Christmas in Rome lasts from December 6, St. Nicholas Day, to at least the Octave of Epiphany, January 13, and during those weeks the birth of the Savior is a public event displayed across the city, from the giant presepio before St. Peter’s to the Spanish steps. In every church there is a crèche, often models of entire villages with the Virgin and Child, Joseph and the shepherds at the center, the Wise Men, if not arrived, coming on hard. There are crèches with music and crèches with running water. And in addition to these sometimes vast compositions, there will always be, raised before the high altar, the baby in the manger, sometimes in plastic simplicity, sometimes with baroque elegance, but always, there is the Child, a reminder in a fallen world that God became a little child, thereby blessing childhood everlastingly.
Romans are not exactly de-Christianized; they are non-observant and often apostate, but Catholicism is woven so deeply into their culture that they seem insensible to the American attempt to keep Christianity out of the public square or the public square out of Catholicism. My favorite presepio, at Santa Maria in Trastevere, locates the birth of Christ in the piazza in front of the church, and it is not uncommon to be greeted in some splendid baroque church with the sound of “Jingle Bells” or “I saw Mommy Kissing Santa Claus.” This Christmas His Holiness Benedict xvi visited the Vatican crèche to the tune of “White Christmas.”
But this is Italy. Perhaps the Italians will bring down the eu single handedly. Romans still go in the out door of busses and the neat Teutonic line is still ignored in favor of the indistinct bunch.
England now feels rather different, not only from Italy but from the England of the post-war decades. In his own day Newman was sometimes criticized for what was seen to be a defense of the Church of England he had left. His defense was based on the observation that the religion of English people had for three hundred years been a Bible religion, in which the words of the Authorized Version had become the soul and conscience of England, and he feared that the destruction of that Bible religion would leave the country godless. His fears have been justified. The old Church of England—the Bible-reading, morning prayer church—fell victim first to the Oxford Movement, which tended toward a kind of Catholic-like religion that for all its aestheticism and historicism, while it deepened piety for many, lacked the moral power of the old faith, and which in turn became an easy target for the secularizing movement that began in the 1870s and effloresced in the 1960s. Since 1900 the number of clergy serving the Church of England has declined from 24,000 to 9000. The incumbent in the church Newman built and in which he worshipped in his last Anglican days is now a reverend lady. It is some comfort that after centuries in which first its extirpation and then its marginalization were government policy, the largest group of churchgoing Christians in England are Roman Catholics. But English Catholicism is much like its trans-Atlantic language-mate, various and apparently anemic. The hierarchy has been unable to resist successfully government plans to make moral criticism of homosexuality or refusal to employ practicing homosexuals criminal. At the same time, as state schools become more and more unsafe pathways to certain failure, Catholic parents who did not bother to have Nigel baptized as an infant are taking this step when Nigel is six or eight so that the lad can get into a Catholic school and out of the state educational establishment.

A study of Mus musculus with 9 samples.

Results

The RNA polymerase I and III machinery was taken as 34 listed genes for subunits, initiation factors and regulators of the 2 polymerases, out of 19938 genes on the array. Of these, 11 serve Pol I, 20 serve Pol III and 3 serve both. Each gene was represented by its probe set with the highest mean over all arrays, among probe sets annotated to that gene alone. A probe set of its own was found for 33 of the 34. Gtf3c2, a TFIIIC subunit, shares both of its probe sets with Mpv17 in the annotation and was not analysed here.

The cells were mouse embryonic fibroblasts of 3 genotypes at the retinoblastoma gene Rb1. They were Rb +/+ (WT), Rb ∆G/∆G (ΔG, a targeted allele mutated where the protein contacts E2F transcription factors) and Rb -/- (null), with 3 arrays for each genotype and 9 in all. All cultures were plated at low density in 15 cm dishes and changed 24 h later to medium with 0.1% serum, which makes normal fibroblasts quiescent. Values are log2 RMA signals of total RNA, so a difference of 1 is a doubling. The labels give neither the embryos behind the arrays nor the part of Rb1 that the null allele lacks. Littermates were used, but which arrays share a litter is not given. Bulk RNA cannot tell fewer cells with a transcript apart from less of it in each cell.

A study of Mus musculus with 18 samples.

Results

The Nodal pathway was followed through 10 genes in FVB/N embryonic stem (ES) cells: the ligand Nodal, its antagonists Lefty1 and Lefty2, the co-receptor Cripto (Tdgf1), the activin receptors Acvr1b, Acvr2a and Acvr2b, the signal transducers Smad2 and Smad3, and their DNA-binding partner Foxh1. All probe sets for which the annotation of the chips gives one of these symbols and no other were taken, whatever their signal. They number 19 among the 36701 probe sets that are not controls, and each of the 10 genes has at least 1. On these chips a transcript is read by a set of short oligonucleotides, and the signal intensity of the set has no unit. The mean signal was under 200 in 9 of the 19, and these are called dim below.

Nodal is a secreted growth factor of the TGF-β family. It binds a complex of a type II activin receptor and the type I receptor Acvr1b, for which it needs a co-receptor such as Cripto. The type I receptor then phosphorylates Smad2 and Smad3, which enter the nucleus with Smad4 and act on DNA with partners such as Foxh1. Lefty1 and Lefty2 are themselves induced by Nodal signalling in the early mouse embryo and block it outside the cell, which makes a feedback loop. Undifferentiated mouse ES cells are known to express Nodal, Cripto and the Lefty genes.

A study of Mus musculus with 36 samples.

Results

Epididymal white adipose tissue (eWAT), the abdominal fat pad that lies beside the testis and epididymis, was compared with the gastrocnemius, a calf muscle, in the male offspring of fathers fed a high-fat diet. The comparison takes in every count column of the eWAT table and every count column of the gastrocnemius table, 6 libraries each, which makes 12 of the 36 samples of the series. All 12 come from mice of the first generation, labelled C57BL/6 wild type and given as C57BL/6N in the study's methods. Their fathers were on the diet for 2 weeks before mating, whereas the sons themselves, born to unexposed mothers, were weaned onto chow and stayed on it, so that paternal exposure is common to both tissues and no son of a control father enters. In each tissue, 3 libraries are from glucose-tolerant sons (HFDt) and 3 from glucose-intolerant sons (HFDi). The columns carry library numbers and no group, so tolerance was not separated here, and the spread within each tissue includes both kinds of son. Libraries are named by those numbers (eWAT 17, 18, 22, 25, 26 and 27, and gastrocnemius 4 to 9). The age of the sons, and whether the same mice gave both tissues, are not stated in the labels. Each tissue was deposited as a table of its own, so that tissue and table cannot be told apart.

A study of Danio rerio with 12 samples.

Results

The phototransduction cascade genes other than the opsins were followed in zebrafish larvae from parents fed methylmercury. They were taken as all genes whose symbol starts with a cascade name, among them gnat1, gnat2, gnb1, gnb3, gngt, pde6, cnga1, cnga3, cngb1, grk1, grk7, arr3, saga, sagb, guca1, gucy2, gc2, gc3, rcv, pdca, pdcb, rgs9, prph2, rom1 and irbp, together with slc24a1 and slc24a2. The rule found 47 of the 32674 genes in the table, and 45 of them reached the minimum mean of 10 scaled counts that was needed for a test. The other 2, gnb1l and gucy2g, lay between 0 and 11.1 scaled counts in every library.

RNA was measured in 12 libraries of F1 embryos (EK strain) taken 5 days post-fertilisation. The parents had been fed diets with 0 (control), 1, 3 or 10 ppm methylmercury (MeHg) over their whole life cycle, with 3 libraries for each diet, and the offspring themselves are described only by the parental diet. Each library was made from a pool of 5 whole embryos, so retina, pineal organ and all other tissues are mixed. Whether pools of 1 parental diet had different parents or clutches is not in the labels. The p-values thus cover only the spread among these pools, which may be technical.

In England now the principal idea is that there must be no idea, and all in the name of equality. The days after Christmas 2007 witnessed a campaign to punish school principals who, in an attempt to create an educable student body, had stooped to interviewing students and parents. Well, obviously, the well-disciplined children of caring parents tempted the school administrators to cherrypicking, which is anti-egalitarian and now illegal. The result, as one editorial writer observed, is to drive middle class parents to populate the private schools. At the same time the Charities Commission is toying with the idea that private educational efforts should no longer be tax exempt on the grounds that private schools benefit the rich disproportionately.
All this should be a cautionary tale for it reflects the dearest desires of the nea. Remember, gentle reader, that when the acquired cultural capital composed of circumstance, history, genetic inheritance, character, intelligence, and personal merit are read out of human history, all that will remain is the power of politicians and bureaucrats, armed with an unlimited power of taxation, to make a better world according to whatever theory they then hold.